Advertising vs. semantic design

I'm seeing a very interesting conflict of interest on the web recently, involving semantic content and advertising. If you're involved with either of those, you may already know what I'm talking about. It's an issue that affects anybody who wants to either a) find/present information or b) avoid/push advertisements. In other words, everybody.


I'll first define a few terms people may be unfamiliar with: semantic web design and ad-blocking software.

Semantic web design

The idea of the semantic web is that the structure in which information is presented should be informative as well. Humans rely heavily on context to interpret the content they see on the web, but for today's computers, this is a non-trivial task. Computers work best when they are told exactly what is what. Website designers can increase the amount of computer-readable information on their websites by labeling content with the appropriate tags and including extra data only visible in the code and to disabled readers.

Ad-blocking software

To avoid those damned blinking punch-the-monkey-and-win ads that are sprinkled across so much of the web, many users install software to filter out data from advertisers. This is predicated on the idea that most ads are loaded from a different source than the rest of the media on the site, often from a dedicated third-party advertisement server, sometimes from a dedicated subdomain, or less often from a certain real or virtual directory on the site itself. The easiest ads to block are those served from dedicated advertising domains, like, or from a dedicated subdomain, like Slightly harder to catch are ads served through pages, where the ad URL contains the string /adview.php?. Often a page can be cleared of ads by blocking a javascript file that inserts the ads into the page.

Software that blocks ads can range from domain-blocking programs that sit between the browser and the internet connection, to programs or plugins that block any URLs matching a regular expression or substring, to browser plugins or extensions that remove parts of a web page known to contain advertisements. I use AdBlock, an extension for Firefox, which uses the regular expression technique. (For other users of AdBlock for Firefox, I have made available my filter library on my file download page.)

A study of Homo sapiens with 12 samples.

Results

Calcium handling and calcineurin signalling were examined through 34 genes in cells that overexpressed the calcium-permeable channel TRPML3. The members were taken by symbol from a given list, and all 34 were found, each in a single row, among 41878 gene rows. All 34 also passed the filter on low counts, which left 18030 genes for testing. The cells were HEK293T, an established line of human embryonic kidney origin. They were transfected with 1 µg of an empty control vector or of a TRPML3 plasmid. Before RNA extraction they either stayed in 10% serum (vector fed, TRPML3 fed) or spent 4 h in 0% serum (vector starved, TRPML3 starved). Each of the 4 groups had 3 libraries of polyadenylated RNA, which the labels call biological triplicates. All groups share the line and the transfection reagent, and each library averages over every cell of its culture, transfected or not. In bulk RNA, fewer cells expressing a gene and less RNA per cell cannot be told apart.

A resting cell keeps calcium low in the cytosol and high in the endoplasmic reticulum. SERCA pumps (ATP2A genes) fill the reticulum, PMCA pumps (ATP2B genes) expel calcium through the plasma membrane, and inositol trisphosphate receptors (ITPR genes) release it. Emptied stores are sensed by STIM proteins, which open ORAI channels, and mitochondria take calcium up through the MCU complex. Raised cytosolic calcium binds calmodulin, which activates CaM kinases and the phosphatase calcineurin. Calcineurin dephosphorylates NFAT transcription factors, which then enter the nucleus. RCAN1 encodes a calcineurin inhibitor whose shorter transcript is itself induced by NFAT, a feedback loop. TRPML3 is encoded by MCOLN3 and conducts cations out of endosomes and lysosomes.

Users of ad-blocking programs like can avoid seeing most of the ads on the internet. I hardly ever see one of those annoying flashing banner ads, manage to avoid a number of interstitial ads, and generally don't see even the lowly text ads. (The ethics of this is left to a separate conversation.) As site owners find that ads are being blocked, they move to stealthier strategies.

Domain blocking leads to subdomain ad servers. Subdomain blocking leads to ads served by dedicated server-side scripts. Blocking of URLs by pattern-matching leads to ads being served by the same external mechanism as the rest of the site's graphics, distinguishable only to the server by some numerical parameter.

Enter Platypus. Platypus is Firefox extension that allows the user to modify a web page, then have that modification be automatically applied every time a page on that site is visited. One use of Platypus is the removal of ads based on the id attribute of a surrounding block. For example, an ad on some web page may be located in a div with an id of top_banner_ad. Platypus, trained by the user, can find and remove this block of code automatically every time a page on the site is loaded. Some sites now use obfuscated ids for their ads, but it isn't enough. Others have begun to strip away identifying information from the ad container, but programs like Platypus can often still locate the ad by its position in the page, relative to other identifiable elements. The latest technique is the placement of text ads immediately above or below content that the user wants to see, with no identifying boundary between the content and the ad. Even Platypus cannot remove these ads, but the user is required to make the distinction based on the verbal content of the text, which is even more annoying and distracting.

Conflict of interest

Essentially, sites are now trying to hide the distinction between content and ads on the code level, obfuscating content boundaries and identifiers. The web designer is forced to make a compromise between semantic design and marketing. Any semantic information is a possible hook for an adblocker.

This raises a deep conflict of interest for conscientious designers. They are on the one hand trying to provide as much machine readable metadata as possible, yet attempting to avoid the attention of one particular part of the machine. As the semantic web grows, ads may be the only part of the page that does not contain metadata, and thus may still be identifiable.

The future

Another ad insertion approach is to make the ad containers integral to the structure of the page, so that removal of a block causes a structural collapse or overlap of text. This would be regarded by the user as anothe annoyance and possibly be misinterpreted as poor site design or browser incompatibility. However, this may require building a page around an ad, which is not at all a sustainable method of page design. Additionally, scripts could easily be adapted to replace ads with objects of identical dimensions.

Of course, each stage of escalation is inhabited by fewer users and web designers than the previous stage. Most users don't have ad-blocking software installed, and for most web designers the time and energy involved in escalation will only give diminishing returns. Still, the question remains: Can advertising and semantic design peaceably coexist?